Here's a pretty old post from the blog archives of Geekery Today; it was written about 19 years ago, in 2005, on the World Wide Web.

It’s official: the Democratic Party has undergone the world’s first successful spine transplant operation. Howard Dean is now Chair of the Democratic National Committee.

I’m pretty much done with this whole shell game for the forseeable future, but this at least is an encouraging sign in some important respects. The Democratic Party will remain frustrating and limited and limiting. Party electoral politics will remain mostly dull, soul-killing and ultimately pretty futile, even if all you want out of it is to put speedbumps in the way of onrushing Caesarism. But Howard Dean’s ascension will mean

  • Dean is good, remarkably good for a Democrat, on two important things: (1) abortion, (2) the war. He’s kept a solid position, knows how to answer questions without weaseling, and, well, he’s been right all along. He defends his positions as a matter of principle and demands that the rest of the Democratic Party catch up to him, instead of wringing his hands over how much he respects the position of people who want to see everything he stands for destroyed. If Democrats intend to make any headway whatsoever against Bushism and its Know-Nothing blowhard brigade of pundits, they need to take a resolute stance on both abortion and the war, and to form a serious opposition both rhetorically and politically. Dean’s increased leverage as a spokesperson for the Democratic Party means some hope for an unapologetic opposition and for the introduction of some basic cognitive decency into the talking-head world.

  • Dean’s major goal in campaigning for the DNC Chair has always been primarily to shake the upper echelons of the Democratic Party out of the hands of the grubbing apparatchiks. As he put it in his acceptance speech, It won’t take us that long [to win] — not if we stand up for what we believe in, organize at the local level, and recognize that strength does not come from the consultants down. It comes from the grass roots up. Is a Democratic Party that is more attuned to its base and less to the Beltway Bizarro World echo chamber going to be perfect? No, not at all, but it is better than the useless crowd of me-too warmongers and police statists that we have today. An effective and responsive Democratic Party will come up with plenty of stuff that needs to be fought, but if that was the worst thing we had to fight today, we’d be much better off than we have been for many years.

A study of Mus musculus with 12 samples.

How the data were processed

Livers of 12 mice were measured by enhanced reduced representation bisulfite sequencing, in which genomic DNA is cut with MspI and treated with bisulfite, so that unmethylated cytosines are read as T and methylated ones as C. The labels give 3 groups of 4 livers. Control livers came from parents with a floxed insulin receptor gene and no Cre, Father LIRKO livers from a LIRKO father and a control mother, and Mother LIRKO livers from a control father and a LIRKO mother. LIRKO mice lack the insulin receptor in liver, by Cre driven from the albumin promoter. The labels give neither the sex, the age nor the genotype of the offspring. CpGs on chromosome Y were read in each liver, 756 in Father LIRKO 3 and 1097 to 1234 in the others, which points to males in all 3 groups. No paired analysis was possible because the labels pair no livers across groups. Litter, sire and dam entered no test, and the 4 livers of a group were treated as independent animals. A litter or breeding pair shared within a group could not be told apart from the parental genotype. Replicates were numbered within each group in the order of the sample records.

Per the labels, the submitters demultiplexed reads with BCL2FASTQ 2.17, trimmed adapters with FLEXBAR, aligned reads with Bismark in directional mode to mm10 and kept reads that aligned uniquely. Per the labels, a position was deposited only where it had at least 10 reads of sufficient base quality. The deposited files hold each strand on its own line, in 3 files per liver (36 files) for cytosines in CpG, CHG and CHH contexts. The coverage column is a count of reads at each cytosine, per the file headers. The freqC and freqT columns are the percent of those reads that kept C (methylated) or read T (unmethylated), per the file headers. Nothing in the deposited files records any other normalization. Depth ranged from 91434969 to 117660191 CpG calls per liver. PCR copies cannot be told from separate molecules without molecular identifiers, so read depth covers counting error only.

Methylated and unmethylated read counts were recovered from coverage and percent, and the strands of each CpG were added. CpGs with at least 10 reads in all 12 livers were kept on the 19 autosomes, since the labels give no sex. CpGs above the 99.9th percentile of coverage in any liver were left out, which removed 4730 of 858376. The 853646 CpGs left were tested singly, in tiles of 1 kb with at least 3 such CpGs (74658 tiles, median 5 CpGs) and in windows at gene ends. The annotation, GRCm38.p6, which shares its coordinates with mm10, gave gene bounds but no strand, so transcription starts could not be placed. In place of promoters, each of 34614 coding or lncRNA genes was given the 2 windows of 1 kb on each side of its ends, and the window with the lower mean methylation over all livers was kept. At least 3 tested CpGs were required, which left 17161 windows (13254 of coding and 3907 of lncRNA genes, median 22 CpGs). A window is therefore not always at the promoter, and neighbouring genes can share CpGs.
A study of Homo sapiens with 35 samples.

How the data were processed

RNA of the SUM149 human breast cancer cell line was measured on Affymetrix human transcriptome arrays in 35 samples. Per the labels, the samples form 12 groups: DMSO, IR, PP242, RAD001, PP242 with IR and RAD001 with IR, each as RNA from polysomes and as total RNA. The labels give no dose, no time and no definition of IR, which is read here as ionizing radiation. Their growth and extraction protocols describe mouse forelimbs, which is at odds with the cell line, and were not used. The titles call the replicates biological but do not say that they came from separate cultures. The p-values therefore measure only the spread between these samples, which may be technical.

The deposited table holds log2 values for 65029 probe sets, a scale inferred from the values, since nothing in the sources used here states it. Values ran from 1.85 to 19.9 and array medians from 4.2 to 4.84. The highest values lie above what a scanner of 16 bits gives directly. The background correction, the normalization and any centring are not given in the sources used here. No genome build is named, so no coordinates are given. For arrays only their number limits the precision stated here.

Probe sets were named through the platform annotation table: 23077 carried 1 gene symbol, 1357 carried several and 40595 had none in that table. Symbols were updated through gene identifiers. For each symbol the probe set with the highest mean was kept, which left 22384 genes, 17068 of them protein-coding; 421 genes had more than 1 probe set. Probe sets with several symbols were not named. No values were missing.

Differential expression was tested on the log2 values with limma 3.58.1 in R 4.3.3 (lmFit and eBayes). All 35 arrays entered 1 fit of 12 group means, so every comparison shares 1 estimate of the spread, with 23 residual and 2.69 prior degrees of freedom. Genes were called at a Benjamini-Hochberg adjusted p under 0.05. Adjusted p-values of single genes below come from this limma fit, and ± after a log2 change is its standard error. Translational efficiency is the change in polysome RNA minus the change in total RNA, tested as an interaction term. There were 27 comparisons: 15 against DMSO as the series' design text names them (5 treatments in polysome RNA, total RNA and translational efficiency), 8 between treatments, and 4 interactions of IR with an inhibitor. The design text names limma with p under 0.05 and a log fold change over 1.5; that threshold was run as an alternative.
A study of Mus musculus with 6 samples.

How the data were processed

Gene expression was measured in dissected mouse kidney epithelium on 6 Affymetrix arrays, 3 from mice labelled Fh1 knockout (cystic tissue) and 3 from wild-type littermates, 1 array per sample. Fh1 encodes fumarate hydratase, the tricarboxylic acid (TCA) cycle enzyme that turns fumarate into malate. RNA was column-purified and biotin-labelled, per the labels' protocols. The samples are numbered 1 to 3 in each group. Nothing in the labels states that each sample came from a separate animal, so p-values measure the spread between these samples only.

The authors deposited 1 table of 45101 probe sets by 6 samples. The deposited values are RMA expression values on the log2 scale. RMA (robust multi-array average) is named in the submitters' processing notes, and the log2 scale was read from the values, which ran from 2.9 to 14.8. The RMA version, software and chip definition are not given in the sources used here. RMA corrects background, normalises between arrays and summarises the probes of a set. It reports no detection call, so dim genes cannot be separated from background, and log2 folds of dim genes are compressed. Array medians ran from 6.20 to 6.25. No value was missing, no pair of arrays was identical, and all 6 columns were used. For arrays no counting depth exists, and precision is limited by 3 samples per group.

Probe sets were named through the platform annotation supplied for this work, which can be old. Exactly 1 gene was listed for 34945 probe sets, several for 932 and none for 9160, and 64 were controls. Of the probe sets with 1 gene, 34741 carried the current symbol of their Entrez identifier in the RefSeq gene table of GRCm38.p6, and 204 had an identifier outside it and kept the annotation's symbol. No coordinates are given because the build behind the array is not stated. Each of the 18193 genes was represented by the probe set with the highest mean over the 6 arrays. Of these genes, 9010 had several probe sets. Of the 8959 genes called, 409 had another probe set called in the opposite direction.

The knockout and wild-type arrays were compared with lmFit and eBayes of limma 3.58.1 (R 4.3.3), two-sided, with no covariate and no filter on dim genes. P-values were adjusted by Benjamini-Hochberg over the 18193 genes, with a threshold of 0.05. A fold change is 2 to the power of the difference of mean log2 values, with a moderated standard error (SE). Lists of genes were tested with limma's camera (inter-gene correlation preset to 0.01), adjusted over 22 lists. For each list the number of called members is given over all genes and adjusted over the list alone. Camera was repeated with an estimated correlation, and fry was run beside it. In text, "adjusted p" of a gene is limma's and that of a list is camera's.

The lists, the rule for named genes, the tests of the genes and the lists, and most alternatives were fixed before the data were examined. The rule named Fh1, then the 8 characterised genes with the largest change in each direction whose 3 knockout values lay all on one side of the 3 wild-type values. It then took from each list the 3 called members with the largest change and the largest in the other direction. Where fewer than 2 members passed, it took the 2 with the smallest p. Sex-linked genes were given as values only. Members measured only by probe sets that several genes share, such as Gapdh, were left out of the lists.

• Dean’s a funny guy and a great interview. The sooner that he completely replaces the soulless gaze and sibilant verbal slime of Terry McAuliffe on the Sunday morning talk circuit, the better. Besides, cop to it–that scream speech was really funny. Even when Dean blows it on national television, it’s great fun to watch.

He won’t redeem party politics for me, but at least Howard Dean’s ascension offers some hope that there will be a lot more slimy party hacks forced to find themselves a new job, some gauntlets thrown down where they need to be thrown down, and someone in the Democratic Party who, for all his many faults, I can earnestly cheer for. And in these dark times, every ray of light is a pleasant sight to catch.